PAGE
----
George Steinbrenner is on a billion-dollar high - and can you blame him?
In a rare exclusive interview, the Yankee Boss told the Daily News he is both "gratified" and "humbled" at the Yankees becoming the first baseball team to be worth $1 billion according to the latest financial team evaluations by Forbes magazine. Not bad for an original investment of $8.7 million.
"This is all very gratifying," Steinbrenner said by phone from Tampa. "I'm truly humbled. I've been very lucky in life, and more than anything this is the product of surrounding yourself with good people. That's always been my philosophy. I've had a lot of good people with me the whole time."
In January 1973, Steinbrenner, a shipbuilding magnate from Cleveland, and his group of investors paid CBS $10 million for the Yankees, but, as he explained it, the sale price dropped to $8.7 million when CBS bought back a couple of parking garages. At the time, the Yankees were at about the lowest ebb in franchise history. CBS had allowed the scouting and player development system to deteriorate, while the team, which had dominated baseball from 1921-64, plummeted to mediocrity and worse, with season attendances of barely 1 million.
"I re-member," said Steinbrenner, "when I told my father I had bought the Yankees, he said to me: 'You're better off sticking to shipbuilding.'"
Which, as I reminded Steinbrenner, was precisely what he said he planned to do at the press conference introducing himself and his partners.
"What can I say?" he said with a laugh. "I suppose I meant it at the time, but once I got into it, I was determined to restore the Yankees to their glory. We knew what we'd bought."
But the more he talked about the enormity of presiding over a billion-dollar entity 33 years later, the more emotional he sounded. Especially because Forbes' $1.26 billion valuation of the team does not include the Yankees YES Network (which took in a reported $62 million last year) or its lucrative joint venture with Yomiuri Shinbun media.
According to Forbes, the Yankees, who drew over 4 million fans for the first time last season, took in an additional $49 million in sponsorship revenue in '05.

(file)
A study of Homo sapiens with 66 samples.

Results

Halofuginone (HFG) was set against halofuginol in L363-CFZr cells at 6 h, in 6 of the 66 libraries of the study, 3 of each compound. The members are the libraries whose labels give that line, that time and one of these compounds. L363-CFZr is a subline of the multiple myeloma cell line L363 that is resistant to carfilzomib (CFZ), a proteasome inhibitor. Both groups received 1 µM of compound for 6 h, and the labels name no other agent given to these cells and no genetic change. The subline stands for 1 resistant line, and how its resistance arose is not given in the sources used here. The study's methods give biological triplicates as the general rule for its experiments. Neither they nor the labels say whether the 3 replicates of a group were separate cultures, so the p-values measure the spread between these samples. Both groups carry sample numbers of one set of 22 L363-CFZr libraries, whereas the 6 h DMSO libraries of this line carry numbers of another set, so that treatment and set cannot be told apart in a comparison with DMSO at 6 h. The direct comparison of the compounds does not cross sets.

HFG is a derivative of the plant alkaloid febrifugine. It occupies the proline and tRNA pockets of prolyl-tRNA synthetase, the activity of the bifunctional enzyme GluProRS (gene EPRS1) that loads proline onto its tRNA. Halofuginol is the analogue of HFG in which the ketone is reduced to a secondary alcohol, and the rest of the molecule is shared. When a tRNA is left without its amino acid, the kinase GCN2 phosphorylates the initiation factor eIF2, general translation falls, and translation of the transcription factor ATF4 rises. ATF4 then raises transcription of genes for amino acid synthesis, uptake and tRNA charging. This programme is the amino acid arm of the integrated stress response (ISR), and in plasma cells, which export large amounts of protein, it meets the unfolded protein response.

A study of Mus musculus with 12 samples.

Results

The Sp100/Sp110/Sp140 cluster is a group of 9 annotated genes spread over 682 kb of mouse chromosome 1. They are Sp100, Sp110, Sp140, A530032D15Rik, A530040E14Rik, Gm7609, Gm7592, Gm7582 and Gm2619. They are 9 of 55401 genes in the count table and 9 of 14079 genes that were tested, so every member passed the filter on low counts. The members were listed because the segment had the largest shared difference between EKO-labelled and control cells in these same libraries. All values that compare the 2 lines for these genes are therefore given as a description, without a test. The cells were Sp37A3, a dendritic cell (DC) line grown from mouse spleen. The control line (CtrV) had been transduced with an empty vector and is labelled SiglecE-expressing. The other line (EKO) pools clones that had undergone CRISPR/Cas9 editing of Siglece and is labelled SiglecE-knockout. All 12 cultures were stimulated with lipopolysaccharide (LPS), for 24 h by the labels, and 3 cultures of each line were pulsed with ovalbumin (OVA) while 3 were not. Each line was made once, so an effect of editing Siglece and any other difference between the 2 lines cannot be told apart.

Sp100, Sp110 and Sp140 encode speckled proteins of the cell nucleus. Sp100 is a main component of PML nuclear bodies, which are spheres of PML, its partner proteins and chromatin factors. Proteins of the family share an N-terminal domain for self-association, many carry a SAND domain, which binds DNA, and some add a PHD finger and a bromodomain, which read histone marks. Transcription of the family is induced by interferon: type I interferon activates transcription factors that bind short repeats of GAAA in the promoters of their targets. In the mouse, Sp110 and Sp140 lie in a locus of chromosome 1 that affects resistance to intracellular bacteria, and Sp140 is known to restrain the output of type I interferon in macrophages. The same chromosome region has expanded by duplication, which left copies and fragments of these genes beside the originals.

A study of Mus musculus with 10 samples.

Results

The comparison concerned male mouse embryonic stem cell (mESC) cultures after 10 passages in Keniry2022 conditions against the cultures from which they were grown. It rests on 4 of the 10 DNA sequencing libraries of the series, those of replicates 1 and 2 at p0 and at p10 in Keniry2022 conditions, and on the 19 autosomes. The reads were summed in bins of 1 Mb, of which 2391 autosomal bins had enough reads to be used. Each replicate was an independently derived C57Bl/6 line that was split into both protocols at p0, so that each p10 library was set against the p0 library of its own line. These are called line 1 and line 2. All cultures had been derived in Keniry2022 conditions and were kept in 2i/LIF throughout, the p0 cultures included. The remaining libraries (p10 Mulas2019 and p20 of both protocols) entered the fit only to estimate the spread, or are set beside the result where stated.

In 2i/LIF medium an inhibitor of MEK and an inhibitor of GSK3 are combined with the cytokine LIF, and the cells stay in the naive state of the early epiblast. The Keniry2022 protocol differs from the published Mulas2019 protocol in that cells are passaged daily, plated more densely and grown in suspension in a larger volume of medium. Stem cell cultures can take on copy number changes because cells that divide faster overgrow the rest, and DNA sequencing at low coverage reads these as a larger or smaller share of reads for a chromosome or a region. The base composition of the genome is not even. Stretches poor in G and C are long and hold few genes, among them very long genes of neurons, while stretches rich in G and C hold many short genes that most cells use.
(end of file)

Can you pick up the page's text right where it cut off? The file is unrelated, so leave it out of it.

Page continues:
"I could have never envisioned all this," Steinbrenner said. "All I knew when I went into [then-CBS chairman] Bill Paley's office was that I wanted a baseball team." A year earlier, Steinbrenner had been rebuffed in his attempt to buy his hometown Cleveland Indians
, and when then-Indians General Manager Gabe Paul tipped him off that the Yankees were for sale, he was as much skeptical as he was excited.
"I remember walking into Paley's office and being scared stiff," Steinbrenner said. "I was sure he was gonna tell me he wasn't gonna sell or that I didn't have enough. As it was, he said to me: 'What are you planning on paying me with, Chinese money?' to which I said: 'No sir, I've got cash. Good old-fashioned American cash.'
"To his credit, Paley lived up to every aspect of the agreement. He didn't take anything back. He was a man of his word."
What Steinbrenner clearly didn't realize was that CBS - which bought the Yankees for $11.2 million from Dan Topping and Dell Webb in November 1964 - simply wanted out of the baseball business. Thus, of the Yankees five owners since their inception in 1903, only Steinbrenner bought the team at a discount.
It was at the mention of his father, Henry, a driven, demanding man from whom Steinbrenner spent a lifetime trying to earn approval, that the Boss began to choke up a little.
"What do you think your dad would say now?" I asked him.
"Oh, I don't know," he said, pausing. "I think ... he'd be very happy."
In an effort to restore his buoyant mood, I returned the conversation to that original press conference in 1973, which I attended with my boss, Milton Richman, as a cub reporter for United Press International.
"I've been with you for the whole ride, George," I said, "but I didn't get out of it what you did."
"I know that," he snapped. "But you, I could have done without!"